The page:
CLEVELAND — For Ebony Donley, literacy isn't just another lesson she teaches in her classroom. It's a mission.
"I love teaching reading," Donley said, "but I noticed a lot of kids were struggling, and sometimes they were so far behind that we could not do the intensive work that we needed to do within the school day."
So six years ago, she started an afterschool program called Literacy Innovations in the Collinwood section of Cleveland, where she not only teaches, but also lives.
"My number one goal is to make reading cool again," Donley said, with a smile. "When I was a kid, reading was cool. We had the 'BOOK IT!' Program. We loved it. We read for a personal pan pizza."
For Donley, success is not just about meeting assignment goals; it’s also about fostering that true love of reading. She decided to make it as fun as possible for her students.
"I was doing something every month," she remembered. "I would call it family game night. We would all get together, I would buy dinner for us and we would all play educational games."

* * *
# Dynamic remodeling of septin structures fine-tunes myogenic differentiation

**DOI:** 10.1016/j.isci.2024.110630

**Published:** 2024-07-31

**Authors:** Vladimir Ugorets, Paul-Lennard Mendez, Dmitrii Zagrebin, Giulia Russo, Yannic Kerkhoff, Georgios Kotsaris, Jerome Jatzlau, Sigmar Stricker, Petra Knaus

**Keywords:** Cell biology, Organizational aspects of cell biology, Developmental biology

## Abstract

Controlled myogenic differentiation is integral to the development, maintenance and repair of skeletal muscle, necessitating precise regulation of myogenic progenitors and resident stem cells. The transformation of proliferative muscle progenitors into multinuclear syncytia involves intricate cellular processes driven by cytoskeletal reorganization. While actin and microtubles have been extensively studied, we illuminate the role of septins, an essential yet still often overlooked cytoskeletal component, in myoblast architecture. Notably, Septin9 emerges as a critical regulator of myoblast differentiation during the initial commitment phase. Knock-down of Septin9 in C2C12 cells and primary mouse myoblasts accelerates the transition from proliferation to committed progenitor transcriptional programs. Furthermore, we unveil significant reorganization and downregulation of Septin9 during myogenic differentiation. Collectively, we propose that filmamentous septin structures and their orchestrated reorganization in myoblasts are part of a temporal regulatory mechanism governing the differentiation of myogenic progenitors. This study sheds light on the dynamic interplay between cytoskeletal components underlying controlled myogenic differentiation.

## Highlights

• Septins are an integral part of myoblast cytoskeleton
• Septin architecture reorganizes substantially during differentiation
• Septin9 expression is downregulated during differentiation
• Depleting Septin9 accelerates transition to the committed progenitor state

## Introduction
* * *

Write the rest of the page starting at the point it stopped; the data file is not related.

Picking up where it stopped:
But the pandemic derailed those plans as schools were closed and everyone was forced to shift to virtual learning.
"When you're at school, everything is pretty level," Donley said. "We have supplies for students. What about when they’re home and they’re expected to access information? We had to rethink how we did everything."
So, instead of getting discouraged, Donley innovated.
"[I thought,] 'We can do something over Zoom,' so I started making some videos to keep them engaged."
But that’s when she noticed that some of her students didn’t have even the most basic supplies like a printer or a pair of headphones. So, to no one's surprise, she took action.
"I bought games and I would mail the families and I would drop them off at their houses," she said. "I donated printers to a lot of families."
How much did Donley spend just to make sure her kids were engaged?
"I don’t know, thousands for sure," she said. "I paid for it with my salary as a teacher."
That's right – she paid for almost all of it out of her own pocket, devoting her own time and resources to make sure her students would succeed. It's a lesson in generosity her students will always remember, and Donley will never regret.
"I just would like to develop life long learners, always learning and striving to do something else and never just being comfortable," she said. "It was very important to let the kids know learning doesn’t stop just because the school isn't open."